The National Football League says Sunday's game will be Super Bowl XLIV.
But it could also easily be Super Bowl I.
The Feb. 7 game between the Indianapolis Colts and New Orleans Saints is, perhaps, the clearest statement yet of how completely the forward pass has transformed professional football.
The game is no longer built upon grinding defense and punishing rushing attacks, and the Saints and Colts typify this new NFL, which more closely resembles a frequent-flier program of pass first, pass often.
Sunday's game exemplifies what the Super Bowl has now become: not a slog in the trenches but a glamour matchup that holds the promise of in-game pyrotechnics.
By the measure of the NFL's passer rating, the contest between the Colts' Peyton Manning and the Saints' Drew Brees will be the second best quarterback matchup in Super Bowl history, trailing only the Joe Montana-Dan Marino matchup of 1985.
For their part, oddsmakers suggest this will be one of the closest, highest-scoring Super Bowls ever. It is the first in 16 years to feature the two best regular-season teams.
In many ways, the Colts and Saints appear to be similar.
Most obviously, they share an array of offensive weapons that would make the Pentagon
jealous. Yet beneath that broad similarity lie two teams that will try to win the game in opposite ways.
The Saints are pro football's masters of sleight of hand. Coach Sean Payton's goal is not to steamroller opponents, but to play an elaborate shell game with the extraordinary talents on his offense.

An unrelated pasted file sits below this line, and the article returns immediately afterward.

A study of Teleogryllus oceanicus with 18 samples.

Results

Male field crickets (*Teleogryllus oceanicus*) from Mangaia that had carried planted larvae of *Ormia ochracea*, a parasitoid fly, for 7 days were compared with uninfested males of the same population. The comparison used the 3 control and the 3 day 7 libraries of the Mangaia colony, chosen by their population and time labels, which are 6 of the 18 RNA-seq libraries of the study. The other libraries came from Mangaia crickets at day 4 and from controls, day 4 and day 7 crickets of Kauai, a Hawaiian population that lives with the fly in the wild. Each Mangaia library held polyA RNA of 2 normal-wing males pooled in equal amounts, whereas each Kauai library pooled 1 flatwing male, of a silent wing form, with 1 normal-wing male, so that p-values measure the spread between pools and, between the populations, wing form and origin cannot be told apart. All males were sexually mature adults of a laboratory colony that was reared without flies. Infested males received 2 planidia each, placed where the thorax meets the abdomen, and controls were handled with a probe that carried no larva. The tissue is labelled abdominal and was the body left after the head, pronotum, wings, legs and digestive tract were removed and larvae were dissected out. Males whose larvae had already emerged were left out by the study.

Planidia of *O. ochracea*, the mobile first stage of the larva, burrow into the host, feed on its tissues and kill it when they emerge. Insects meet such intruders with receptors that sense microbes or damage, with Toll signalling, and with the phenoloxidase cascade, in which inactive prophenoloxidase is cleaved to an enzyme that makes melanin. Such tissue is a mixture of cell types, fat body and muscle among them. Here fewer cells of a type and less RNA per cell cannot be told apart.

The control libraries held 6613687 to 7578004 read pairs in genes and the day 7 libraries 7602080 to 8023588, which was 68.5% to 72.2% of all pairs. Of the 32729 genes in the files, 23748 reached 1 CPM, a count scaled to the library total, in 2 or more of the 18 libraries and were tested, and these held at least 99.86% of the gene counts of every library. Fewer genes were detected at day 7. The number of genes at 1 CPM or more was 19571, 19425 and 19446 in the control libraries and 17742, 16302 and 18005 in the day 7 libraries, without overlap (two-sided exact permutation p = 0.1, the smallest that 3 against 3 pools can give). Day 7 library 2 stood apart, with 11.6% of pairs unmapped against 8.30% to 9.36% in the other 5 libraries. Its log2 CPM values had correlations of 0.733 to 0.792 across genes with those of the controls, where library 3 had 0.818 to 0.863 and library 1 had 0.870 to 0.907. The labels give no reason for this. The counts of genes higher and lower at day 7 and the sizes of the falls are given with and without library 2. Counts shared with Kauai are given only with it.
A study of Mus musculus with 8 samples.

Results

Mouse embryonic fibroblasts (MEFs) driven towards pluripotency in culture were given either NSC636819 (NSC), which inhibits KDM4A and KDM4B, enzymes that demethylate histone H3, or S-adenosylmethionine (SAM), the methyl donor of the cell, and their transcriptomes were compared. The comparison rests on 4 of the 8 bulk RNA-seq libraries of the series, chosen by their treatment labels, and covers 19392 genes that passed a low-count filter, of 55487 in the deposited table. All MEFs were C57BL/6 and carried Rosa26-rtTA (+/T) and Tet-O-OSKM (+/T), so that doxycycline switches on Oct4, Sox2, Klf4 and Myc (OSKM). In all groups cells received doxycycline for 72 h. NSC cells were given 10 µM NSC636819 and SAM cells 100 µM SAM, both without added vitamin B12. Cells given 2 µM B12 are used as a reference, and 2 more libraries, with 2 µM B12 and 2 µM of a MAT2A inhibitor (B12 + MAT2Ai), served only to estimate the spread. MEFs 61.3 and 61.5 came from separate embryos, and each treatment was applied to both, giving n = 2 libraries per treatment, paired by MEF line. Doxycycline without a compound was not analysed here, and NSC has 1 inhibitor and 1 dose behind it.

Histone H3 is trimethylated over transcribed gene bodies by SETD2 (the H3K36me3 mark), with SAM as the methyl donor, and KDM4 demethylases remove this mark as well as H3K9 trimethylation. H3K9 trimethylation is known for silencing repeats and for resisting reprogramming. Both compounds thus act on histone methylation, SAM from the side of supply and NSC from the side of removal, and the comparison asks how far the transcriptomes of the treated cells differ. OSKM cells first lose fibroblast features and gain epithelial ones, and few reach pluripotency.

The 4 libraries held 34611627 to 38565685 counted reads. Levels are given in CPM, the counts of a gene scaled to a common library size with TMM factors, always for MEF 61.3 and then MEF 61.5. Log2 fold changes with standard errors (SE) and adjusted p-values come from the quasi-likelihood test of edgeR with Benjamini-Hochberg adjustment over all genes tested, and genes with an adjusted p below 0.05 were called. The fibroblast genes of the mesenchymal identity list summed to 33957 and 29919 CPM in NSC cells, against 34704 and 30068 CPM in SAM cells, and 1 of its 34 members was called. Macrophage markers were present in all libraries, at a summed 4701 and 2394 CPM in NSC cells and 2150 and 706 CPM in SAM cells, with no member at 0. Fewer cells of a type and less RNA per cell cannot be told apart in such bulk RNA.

Having to contend with the Saints' formidable corps of receivers, ends, and backs is challenging enough. Payton adds to his opponents' difficulties by constantly changing how his offense looks when it comes to the line of scrimmage.
For defenses trying to unravel what the Saints are doing, Payton makes his offense a constantly moving target, introducing permutations upon permutations. His offense, run by Brees, is a football hydra, ever sprouting fantastical heads.
The defense is built on the same principle. Among the weakest in the league by many measures, the Saints have masked their deficiencies by becoming the NFL's most dedicated pickpockets, making an art of forcing fumbles and interceptions. Safety Darren Sharper led the league with nine interceptions, setting an NFL record by gaining 376 yards on those interception returns.
To add to the confusion, they also blitz more than any other team except the New York Jets.
In the Colts, however, the Saints will meet the team perhaps best suited to unraveling their trickery.